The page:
David Dudley is the executive editor of CityLab. He is the former editor in chief of Urbanite magazine and a former features editor for AARP: The Magazine.
Does the danger and pollution outweigh the health benefits of the exercise?
Anyone who spends much time on a bicycle in a city, dodging diesel-belching buses and wayward motorists, has wondered at some point whether the overall health benefits of cycling are gnawed away by pollution exposure and the risks of being killed or seriously injured. The facts, as the data journalists of the UK’s Financial Times Magazine explain, are somewhat reassuring: Unless you live in a small handful of extremely polluted cities, you should get on a bike.
The FT team looked most closely at London, which is safer for cyclists than most U.S. cities, with an average of 1.1 deaths per 10,000 bike commuters. New York City, by comparison, has 3.8 fatalities, which is at least safer than Sydney, Australia, with 8.3. (The safest big city for cyclists: Copenhagen, Denmark, with a mere 0.3 fatal crashes for every 10,000 daily commuters.) U.S. figures on bicycle fatalities from the National Highway Traffic Safety Administration show that Florida leads the way as the deadliest state in the U.S. to ride a bike: The 133 cyclists killed in the Sunshine State in 2013 represented 5.5 percent of their total traffic fatalities.
But boring old walking is more dangerous than cycling, the numbers say:
Mile by mile, people in the UK are actually more likely to die walking than cycling, according to figures from the Department for Transport. For every billion miles cycled last year, 30.9 cyclists were killed, while 35.8 pedestrians were killed for every billion miles walked. Both activities are significantly safer than riding a motorbike – 122 motorcyclists are killed for every billion miles driven.
In the U.S., 5,376 of the 35,092 people killed in traffic crashes in 2015 were pedestrians, while 818 were on bikes. Both of those figures are at their highest levels since the mid-1990s. Collectively, bicyclists, walkers, and other motor-vehicle non-occupants represent 18 percent of the total toll, up from 13 percent in 2006.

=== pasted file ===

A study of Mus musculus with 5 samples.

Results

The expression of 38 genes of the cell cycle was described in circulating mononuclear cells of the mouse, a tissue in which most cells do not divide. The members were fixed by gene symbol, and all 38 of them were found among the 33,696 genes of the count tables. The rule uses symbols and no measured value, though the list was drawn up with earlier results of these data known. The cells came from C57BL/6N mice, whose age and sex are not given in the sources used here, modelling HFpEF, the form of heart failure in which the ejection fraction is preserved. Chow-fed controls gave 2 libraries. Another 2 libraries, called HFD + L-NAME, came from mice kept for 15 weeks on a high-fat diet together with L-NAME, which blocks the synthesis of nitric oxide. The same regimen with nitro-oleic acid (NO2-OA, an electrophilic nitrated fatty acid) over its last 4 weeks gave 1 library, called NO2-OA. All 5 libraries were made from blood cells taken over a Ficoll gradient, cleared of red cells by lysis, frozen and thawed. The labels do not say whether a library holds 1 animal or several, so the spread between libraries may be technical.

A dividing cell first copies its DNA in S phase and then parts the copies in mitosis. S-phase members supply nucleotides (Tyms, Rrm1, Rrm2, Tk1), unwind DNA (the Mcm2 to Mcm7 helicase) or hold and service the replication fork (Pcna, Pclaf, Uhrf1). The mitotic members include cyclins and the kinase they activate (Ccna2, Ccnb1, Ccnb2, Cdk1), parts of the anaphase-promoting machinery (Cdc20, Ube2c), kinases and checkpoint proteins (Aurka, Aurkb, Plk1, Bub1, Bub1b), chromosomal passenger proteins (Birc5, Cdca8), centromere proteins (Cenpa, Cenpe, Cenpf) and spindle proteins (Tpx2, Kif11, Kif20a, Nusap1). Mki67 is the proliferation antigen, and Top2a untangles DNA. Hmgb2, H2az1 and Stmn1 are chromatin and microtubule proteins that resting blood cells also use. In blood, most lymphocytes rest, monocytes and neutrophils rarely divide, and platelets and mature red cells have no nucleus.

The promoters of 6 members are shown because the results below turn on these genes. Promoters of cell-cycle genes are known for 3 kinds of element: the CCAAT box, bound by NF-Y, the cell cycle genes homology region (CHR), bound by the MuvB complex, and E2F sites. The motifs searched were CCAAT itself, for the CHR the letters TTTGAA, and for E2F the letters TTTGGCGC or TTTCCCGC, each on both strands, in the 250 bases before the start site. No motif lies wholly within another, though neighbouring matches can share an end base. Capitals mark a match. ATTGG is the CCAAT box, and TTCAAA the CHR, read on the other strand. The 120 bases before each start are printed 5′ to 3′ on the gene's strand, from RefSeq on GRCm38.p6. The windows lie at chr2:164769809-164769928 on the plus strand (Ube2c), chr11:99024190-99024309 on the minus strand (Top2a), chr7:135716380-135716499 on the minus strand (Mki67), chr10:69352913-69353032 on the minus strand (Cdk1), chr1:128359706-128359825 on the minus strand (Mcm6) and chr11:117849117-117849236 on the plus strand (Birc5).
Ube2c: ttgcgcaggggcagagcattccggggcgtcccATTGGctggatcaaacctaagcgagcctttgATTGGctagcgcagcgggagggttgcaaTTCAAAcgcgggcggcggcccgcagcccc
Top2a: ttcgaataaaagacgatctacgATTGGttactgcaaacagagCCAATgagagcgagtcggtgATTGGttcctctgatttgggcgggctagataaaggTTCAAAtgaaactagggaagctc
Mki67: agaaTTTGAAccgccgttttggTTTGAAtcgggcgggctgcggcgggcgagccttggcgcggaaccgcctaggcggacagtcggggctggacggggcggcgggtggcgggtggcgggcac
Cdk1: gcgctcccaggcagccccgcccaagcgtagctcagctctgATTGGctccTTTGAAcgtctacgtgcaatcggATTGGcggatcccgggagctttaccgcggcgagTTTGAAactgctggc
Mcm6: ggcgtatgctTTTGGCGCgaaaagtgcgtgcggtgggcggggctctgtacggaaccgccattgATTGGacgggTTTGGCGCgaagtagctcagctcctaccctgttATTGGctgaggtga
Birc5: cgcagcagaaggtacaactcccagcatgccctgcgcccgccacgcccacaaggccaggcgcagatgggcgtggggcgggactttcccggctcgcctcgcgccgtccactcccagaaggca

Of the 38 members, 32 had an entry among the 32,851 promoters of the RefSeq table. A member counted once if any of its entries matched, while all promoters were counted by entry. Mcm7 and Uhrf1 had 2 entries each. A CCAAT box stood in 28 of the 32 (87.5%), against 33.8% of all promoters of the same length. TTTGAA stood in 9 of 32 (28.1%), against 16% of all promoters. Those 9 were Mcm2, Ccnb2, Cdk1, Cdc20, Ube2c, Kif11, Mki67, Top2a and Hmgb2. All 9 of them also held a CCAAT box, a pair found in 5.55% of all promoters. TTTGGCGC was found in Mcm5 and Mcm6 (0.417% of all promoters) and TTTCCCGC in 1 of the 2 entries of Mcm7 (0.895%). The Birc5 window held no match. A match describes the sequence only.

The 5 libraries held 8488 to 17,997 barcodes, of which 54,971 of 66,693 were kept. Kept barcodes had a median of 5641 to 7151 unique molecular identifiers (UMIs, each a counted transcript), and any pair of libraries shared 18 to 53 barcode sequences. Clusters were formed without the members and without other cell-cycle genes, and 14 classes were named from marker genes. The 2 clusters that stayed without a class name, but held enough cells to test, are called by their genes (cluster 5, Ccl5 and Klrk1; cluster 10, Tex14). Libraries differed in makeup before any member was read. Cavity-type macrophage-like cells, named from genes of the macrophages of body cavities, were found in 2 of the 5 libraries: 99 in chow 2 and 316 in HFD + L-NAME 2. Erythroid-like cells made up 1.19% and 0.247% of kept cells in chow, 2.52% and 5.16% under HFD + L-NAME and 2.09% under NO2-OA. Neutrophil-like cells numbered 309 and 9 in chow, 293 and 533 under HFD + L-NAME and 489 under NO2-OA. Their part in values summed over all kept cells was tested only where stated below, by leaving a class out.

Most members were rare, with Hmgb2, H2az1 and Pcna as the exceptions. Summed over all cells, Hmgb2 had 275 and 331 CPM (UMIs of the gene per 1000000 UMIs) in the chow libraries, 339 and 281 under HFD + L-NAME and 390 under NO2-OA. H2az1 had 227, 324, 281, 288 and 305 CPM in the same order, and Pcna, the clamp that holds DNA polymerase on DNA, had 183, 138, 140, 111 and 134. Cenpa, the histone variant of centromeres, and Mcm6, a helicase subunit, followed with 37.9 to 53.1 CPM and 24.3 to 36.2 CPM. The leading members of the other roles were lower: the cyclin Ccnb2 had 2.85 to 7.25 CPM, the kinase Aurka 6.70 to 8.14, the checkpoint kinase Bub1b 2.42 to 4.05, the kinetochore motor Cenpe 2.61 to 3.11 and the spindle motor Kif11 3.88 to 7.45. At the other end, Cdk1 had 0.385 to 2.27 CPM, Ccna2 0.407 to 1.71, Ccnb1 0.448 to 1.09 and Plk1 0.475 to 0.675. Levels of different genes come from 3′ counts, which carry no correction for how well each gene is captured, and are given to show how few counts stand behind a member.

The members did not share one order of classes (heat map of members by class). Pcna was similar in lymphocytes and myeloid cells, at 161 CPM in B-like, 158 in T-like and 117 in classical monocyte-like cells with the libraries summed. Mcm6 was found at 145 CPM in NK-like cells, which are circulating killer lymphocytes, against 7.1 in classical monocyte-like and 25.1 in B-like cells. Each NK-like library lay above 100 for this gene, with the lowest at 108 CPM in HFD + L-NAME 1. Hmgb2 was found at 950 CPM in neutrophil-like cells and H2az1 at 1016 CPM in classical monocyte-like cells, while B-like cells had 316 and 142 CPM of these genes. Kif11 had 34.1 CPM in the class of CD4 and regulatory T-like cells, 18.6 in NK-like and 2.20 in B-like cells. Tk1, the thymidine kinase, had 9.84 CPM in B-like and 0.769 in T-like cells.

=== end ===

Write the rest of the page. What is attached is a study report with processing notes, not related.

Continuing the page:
Then there’s the fact that urban bike commuters are sucking down bonus amounts of air pollution from their exposure to trucks, buses, and the occasional jackass in a pickup “rolling coal.” According to a 2011 study, London cyclists had 2.3 times more black carbon in their lungs, compared to pedestrians. Which sounds bad, but apparently isn’t:
As a cyclist, the stink of petrol fumes as you sit in traffic behind a lorry can be deeply off-putting, but it’s worth putting the issue in perspective. A recent study by Cambridge University found that the health benefits of cycling – as well as walking – outweigh the risks caused by air pollution in 99 per cent of cities.
There’s also a nifty graphic that aims to show exactly how long you can ride in your city before reaching that tipping point, depending on pollution level. But for Europe and North America, the risk is minimal. The worst city in the world for your lungs? Zabol, Iran. But it’s the dust, not the diesel, that’ll kill you there.
On the other side of the risk equation, as the FT authors conclude, is the very real danger of sitting on your ass all day, which contributes to far more early deaths in the industrialized world than overzealous bike commuting. “On a population level,” they write, “the dangers you face are offset by the many benefits associated with an active commute, which will translate for most people into increased life expectancy overall.”
James Hamblin recently made a similar observation over at The Atlantic, noting that the lethality of the modern sedentary lifestyle cannot be offset by occasional periods of intense exercise. What you need is a regular commitment to daily moving around. And that’s exactly what regular bike commuters get, even as they endure all the other miseries—and the occasional spasm of terror—that urban riding can sometimes deliver.